The business winds have shifted dramatically in recent months in the technology sector, as a climate of staffing challenges has changed to one of skyrocketing inflation, fundraising difficulties, and, ultimately, tech layoffs that have left both employees and employers in a bind. A raft of high-profile tech companies (as well as startups and plenty of businesses in between) have been forced to shed payroll of late, and everyone has felt the fallout: workers left jobless, organizations striving to hold on, and even remaining employees whose jobs have become more difficult with the departure of their colleagues. Still, some who had the door closed behind them amid the tech layoffs have found others open. Even during these lean times in the tech sector, there are opportunities for contingent labor.
Here’s how both employees and employers can take advantage:
Tech Layoffs and Contract Labor
How Employees Can Benefit
Let’s say you’re a programmer whose big tech company has had to make some tough recent decisions – including letting you go. Depending on your career arc, your expenditures and the sacrifices you’re willing to make until landing your next role, you may not have ample savings to carry you through that permanent job search. In this case, gig work may be the perfect solution.
Not only are more companies seeking the flexibility of contingent labor, especially during such volatile economic times, but contract work often is the swiftest path back into the workforce. Embracing the gig economy opens the pool of job opportunities for prospects and may also be the best route to a quick cash influx.
And who says gig work has to be a temporary bridge back to full-time employment? Or just a one-time cash grab? The biggest and brightest tech companies employ contractors, making contingent labor a potential entry point for acquiring skills or experiences that may not have been available through traditional staffing opportunities. By opening your search to contract work, you may be able to leverage a turbulent job market to improve your career profile and long-term earning power.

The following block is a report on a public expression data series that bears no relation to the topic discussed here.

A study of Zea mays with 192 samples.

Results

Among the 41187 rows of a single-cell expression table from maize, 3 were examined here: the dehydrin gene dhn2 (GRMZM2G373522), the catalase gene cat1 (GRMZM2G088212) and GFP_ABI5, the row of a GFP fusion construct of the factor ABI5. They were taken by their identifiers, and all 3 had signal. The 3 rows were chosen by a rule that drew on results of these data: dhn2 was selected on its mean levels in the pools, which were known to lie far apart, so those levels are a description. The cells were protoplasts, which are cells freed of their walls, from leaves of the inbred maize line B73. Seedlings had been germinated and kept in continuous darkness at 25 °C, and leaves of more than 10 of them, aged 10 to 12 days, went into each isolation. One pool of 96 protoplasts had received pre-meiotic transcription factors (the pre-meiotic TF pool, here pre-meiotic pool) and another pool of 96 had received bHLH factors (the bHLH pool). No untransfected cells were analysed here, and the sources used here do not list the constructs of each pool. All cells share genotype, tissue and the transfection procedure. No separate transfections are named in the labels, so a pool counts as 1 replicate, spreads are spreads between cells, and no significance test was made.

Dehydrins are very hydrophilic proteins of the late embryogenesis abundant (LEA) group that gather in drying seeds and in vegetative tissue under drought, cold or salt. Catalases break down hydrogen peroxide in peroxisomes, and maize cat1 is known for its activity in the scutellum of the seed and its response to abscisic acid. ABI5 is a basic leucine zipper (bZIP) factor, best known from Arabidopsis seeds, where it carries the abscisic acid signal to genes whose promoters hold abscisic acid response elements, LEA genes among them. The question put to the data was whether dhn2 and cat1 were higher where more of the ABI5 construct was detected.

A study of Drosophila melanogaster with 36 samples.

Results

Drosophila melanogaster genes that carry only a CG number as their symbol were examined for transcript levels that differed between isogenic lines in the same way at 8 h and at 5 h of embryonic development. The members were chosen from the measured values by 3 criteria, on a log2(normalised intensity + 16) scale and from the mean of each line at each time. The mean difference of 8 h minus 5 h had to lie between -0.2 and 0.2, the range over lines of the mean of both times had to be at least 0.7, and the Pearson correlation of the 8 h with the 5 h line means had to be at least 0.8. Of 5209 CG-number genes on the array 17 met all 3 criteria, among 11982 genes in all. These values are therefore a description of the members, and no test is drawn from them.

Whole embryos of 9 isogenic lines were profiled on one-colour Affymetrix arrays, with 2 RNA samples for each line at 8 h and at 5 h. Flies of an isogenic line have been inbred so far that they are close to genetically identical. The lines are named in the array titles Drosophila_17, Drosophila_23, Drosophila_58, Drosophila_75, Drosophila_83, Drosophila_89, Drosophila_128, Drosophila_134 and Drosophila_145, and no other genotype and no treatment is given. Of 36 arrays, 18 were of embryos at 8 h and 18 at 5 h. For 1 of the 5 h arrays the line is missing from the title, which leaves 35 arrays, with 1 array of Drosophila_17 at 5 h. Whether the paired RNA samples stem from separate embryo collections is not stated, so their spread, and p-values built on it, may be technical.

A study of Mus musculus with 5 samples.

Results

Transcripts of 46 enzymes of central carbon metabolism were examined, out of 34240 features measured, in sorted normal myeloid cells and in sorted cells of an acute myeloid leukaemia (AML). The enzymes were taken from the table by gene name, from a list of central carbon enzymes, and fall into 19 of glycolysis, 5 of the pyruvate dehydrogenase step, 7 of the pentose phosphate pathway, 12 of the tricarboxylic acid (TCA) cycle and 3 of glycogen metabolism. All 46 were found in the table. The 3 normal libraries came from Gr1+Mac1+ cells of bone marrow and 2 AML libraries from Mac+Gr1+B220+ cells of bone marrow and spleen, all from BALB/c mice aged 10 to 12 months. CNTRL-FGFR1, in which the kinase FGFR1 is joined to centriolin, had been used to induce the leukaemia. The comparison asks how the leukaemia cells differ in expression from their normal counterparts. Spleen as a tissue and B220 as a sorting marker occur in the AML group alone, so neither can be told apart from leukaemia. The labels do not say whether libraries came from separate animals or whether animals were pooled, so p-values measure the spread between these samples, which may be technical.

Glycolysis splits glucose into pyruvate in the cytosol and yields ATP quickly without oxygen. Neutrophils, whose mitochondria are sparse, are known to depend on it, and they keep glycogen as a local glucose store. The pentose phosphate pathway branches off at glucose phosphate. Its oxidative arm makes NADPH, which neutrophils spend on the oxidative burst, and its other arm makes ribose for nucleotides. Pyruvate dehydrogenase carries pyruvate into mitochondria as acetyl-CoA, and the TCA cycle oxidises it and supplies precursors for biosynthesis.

How Employers Can Benefit
The current economic outlook is uncertain at best. We simply don’t know what the next few months, and perhaps years, will hold for business. Companies have a lot of tough choices to make, and not enough clarity to inform those decisions: Downsize? Maintain? Prioritize growth to grab market share while competitors attempt to hold tight and weather the storm?
Weigh those factors and solidify your strategic priorities. Recruiters are often the first to be let go as part of a layoff, so be sure to build a plan understood by all – one that can be executed with your remaining workforce. Connect with your network early and stay in touch with valued contractors. Consider engaging a third-party talent marketplace such as PeopleCaddie, which can handle all your contract employee needs through their leading-edge talent cloud and white-glove service.
What organizations should value most at this moment is flexibility, and that’s precisely what contract labor has to offer. Whether you’ve already made cuts or are looking for opportunities to ramp up production right now, contractors can provide short or long-term solutions that answer acute or ongoing challenges. Whether you’re looking for a one-time software upgrade that requires a project-based IT specialist or a new coder who can fill a role on your team for the next two years, contractors offer low-commitment, high-flexibility labor – a talent faucet that can be easily turned off or on based on a company’s needs at any time.